Prince opened to house sick; RVD now nearly empty


Juliana Knot

The Prince Conference Center accommodates 20 to 30 isolated or quarantined students.

Early February’s case spike led the university to open the Prince Conference Center to accommodate sick students. Now as cases plummet, both the PCC and Rooks-Van Dellen residence hall are nearly empty.

Currently, there are four active student cases isolated and 15 students quarantined on campus.

At the peak of the surge, 93 active cases isolated on campus, and another 132 were quarantined on campus. RVD, the residence hall designated for quarantine, can house over 100 students, with each student having their own room; the PCC accommodates another 20 to 30 isolated or quarantined students.

According to Vice President for Student Life Sarah Visser, RVD neared capacity at the peak of the spike, with almost 300 students in isolation or in quarantine on campus. This prompted the university to open the Prince as an overflow space.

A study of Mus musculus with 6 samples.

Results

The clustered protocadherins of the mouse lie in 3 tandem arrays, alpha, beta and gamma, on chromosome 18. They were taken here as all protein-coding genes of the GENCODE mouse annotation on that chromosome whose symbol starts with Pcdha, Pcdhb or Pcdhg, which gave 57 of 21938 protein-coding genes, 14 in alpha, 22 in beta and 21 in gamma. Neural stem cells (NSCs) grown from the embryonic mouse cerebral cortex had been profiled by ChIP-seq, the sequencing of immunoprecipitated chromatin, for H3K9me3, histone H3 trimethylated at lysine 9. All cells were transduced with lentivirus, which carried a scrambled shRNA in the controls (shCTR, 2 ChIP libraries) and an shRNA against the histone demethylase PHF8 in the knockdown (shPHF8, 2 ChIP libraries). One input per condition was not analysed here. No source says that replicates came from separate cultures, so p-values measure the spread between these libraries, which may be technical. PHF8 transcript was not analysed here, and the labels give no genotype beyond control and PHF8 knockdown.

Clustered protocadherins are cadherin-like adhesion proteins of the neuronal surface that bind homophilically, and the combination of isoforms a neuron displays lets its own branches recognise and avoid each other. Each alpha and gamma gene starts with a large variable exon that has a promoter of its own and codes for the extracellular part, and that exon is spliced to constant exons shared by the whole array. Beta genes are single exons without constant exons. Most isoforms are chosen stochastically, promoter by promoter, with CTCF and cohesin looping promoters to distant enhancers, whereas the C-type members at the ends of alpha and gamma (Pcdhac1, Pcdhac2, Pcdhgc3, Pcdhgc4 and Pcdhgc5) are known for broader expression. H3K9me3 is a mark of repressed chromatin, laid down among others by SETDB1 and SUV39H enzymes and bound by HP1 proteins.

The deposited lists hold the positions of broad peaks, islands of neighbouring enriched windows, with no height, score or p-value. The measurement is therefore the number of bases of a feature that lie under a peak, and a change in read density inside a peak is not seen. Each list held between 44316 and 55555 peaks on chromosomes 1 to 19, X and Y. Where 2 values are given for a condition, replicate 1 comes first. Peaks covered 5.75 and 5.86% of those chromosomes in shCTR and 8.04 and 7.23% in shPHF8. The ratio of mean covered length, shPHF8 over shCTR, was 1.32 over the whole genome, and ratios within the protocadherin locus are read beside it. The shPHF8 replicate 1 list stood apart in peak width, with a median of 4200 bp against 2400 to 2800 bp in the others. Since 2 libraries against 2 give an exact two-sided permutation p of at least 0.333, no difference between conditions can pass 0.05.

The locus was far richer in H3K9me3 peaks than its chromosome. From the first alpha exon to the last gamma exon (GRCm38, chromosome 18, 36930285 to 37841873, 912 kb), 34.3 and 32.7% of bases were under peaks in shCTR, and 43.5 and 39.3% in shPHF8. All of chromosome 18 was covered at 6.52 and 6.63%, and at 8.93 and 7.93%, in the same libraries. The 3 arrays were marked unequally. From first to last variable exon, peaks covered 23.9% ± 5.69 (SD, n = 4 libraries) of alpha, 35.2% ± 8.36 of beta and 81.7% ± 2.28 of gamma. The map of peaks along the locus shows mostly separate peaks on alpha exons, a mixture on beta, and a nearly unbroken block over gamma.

According to Jay Wise, director of college housing and operations, Student and Residence Life were always confident that they would be able to accommodate the worst of the spike. “While this work can be daunting, we believe it is the best approach. We have a great team here at the university made up of Health Services staff, Residence Life staff, contract tracers, and several more behind the scenes staff all caring for students as best we can,” Wise said.

This past spring, the Prince housed members of the Grand Rapids Police Department and Spectrum Hospital workers who worried they might take the virus home to their families. Now, it only serves Calvin’s student population. As cases remain low, use of the hotel and conference center won’t be as necessary.

We anticipate that we will use Prince Conference Center rooms less going forward, particularly as RVD has ample capacity,” Visser said.

However, if the need arises, Visser says that the Prince could once again be used for isolation and quarantine.


This story has been updated to reflect that the Prince Conference Center is still hosting outside guests.